Scooter vs Japan

Landed and exhausted | August 5, 2015

This’ll be pretty short, since I’m very, very tired. I’ve been in Japan for a few days now. Having finished our two day orientation and work seminar, I finally landed in Hokkaido. As expected, C and Mr. K were waiting at the airport. After super awesome Mr. K bought us lunch, we drove the 2.5 is hour drive home. We also stopped for ice cream (mmm… ice cream).

First Impressions

First off, C was crazy excited to see me, and Mr. K was pretty easy going and funny. C provided most of the translation, but we did talk a little bit as I tried to use me bruised, battered, and atrophied Japanese.

As for the drive through Hokkaido to reach Kamikawa-cho, the landscape reminds me a lot of Prince Edward Island. This was pretty funny, since I thought Tokyo seemed like Montreal. For Hokkaido, there were a lot of super small rural areas with houses loosely grouped together, not unlike the very small towns one might see in PEI. There was also a lot of liberties taken with house colors, so I saw bright blue, yellow, and other vibrant coloured houses.

Kamikawa-cho is crazy small. It was raining pretty hard when we pulled in, and we were rushing off for dinner, so I obviously didn’t see much (especially since I’d only just arrived).

Home Sweet Homu

We also went to my apartment for the quickest tour and move in ever. There is a lot of space for such a typically small place. C had left me a number of things and the BOE bought a bunch of furniture for me so I’d have somewhere to sleep and a place to sit down. I can’t wait to get settled and to start plugging some of the holes as far as possessions go.


I  met a few of the BOE staff over dinner and drinks. It was really tough due to the massive dehydration I’ve been going through. See, we couldn’t have food or water anywhere in the hotel except the dining rooms and our own rooms. And the tight schedule kept us on our toes, leaving us little time to rest and recover. This meant that very few of us got all the water our bodies needed, meaning I had to be super careful tonight.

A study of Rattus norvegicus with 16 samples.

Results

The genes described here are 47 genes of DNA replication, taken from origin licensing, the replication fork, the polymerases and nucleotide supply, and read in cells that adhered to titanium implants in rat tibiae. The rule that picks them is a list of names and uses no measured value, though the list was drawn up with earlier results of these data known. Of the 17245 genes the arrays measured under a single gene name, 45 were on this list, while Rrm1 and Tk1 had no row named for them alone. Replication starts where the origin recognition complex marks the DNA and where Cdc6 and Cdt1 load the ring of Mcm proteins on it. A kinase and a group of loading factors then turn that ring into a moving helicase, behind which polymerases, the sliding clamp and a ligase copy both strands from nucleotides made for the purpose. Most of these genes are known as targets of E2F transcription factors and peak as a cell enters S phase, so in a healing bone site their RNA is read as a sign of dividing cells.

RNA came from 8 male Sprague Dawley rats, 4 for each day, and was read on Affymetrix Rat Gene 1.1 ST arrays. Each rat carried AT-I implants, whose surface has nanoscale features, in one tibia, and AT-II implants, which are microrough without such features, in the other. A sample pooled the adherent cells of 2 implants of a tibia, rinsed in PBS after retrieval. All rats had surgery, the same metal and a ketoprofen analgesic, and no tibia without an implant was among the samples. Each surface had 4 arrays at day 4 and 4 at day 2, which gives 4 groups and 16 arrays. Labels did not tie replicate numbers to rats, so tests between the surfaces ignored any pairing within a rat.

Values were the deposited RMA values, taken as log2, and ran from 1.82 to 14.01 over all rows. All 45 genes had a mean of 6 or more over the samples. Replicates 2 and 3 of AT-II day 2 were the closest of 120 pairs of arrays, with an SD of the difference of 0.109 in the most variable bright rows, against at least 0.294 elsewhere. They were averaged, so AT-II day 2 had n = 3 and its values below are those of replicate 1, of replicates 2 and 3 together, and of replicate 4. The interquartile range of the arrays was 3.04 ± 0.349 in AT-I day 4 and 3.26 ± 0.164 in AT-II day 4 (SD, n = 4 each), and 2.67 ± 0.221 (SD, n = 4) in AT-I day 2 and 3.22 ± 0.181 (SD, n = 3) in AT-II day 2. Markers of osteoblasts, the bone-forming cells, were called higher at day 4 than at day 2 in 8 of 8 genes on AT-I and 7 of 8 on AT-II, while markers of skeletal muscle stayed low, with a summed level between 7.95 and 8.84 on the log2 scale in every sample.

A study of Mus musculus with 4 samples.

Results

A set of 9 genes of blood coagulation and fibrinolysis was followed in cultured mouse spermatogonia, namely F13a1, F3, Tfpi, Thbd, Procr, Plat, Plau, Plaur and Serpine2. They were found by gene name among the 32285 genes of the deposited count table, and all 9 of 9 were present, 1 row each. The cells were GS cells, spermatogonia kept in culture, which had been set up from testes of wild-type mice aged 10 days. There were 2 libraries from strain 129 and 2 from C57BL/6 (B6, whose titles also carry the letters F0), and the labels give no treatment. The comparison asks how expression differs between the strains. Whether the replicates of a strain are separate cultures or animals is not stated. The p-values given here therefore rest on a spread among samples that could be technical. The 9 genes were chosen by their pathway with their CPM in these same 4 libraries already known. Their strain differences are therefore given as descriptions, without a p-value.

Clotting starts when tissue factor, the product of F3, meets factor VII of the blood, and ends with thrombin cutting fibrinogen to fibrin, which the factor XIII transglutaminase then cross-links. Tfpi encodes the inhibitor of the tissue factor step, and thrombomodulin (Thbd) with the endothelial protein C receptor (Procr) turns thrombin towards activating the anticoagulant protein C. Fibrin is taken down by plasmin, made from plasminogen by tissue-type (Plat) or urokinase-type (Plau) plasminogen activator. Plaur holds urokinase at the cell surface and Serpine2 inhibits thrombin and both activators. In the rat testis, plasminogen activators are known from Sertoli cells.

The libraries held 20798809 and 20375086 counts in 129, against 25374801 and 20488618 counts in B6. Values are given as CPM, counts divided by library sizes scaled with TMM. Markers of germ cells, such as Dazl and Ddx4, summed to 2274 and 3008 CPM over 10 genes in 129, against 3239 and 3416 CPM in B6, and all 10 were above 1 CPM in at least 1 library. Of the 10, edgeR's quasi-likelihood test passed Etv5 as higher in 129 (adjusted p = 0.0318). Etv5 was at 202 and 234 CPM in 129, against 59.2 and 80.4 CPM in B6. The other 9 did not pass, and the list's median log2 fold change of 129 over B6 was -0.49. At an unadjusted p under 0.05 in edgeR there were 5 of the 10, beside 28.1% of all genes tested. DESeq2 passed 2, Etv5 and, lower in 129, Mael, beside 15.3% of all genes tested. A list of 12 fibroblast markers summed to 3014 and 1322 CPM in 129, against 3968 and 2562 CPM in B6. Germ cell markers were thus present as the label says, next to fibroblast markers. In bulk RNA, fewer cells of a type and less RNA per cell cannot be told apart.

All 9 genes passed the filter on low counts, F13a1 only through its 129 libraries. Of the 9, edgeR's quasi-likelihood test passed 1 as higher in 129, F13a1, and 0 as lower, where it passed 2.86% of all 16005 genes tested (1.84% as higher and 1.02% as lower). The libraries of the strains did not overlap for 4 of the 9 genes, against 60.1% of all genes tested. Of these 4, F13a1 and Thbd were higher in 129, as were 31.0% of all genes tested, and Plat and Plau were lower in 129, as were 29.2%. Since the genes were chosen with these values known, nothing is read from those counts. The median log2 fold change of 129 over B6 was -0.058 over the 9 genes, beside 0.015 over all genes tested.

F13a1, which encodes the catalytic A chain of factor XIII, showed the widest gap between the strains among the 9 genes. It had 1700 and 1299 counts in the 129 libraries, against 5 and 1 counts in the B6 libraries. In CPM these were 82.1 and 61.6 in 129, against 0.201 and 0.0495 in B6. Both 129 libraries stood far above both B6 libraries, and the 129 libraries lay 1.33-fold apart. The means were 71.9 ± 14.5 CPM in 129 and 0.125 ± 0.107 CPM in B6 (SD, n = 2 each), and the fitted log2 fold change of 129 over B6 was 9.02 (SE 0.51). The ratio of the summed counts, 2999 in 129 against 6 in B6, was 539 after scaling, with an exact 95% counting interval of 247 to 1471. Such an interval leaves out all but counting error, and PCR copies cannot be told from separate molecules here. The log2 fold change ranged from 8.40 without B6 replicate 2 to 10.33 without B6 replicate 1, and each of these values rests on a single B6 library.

Anyways, every one was pretty welcoming and entertaining. C couldn’t remember the names of everyone (since he hasn’t worked too closely with many of them, and he told me that he didn’t know all of his students’ names. If a 5 year JET can’t do it, that takes the edge and expectations off.

Bed Time

I think that’s it for now. I’m about to pass out right here, so excuse me while I post and run. I’m going to be writing up a break down of orientation and tips about it. And obviously, I plan to say more about my town and job, but that’s going to take a little while.

So that’s all for now. I hope I can get something more meaningful up in the next few days, but now I’m still wiped right out. Till next time.


Posted in JET, Living


Scooter is an ESL teacher and Japanese anthropologist. He hopes to document his thoughts of living in Japan, continued cultural studies, and to provide advice for others looking to hop the pond.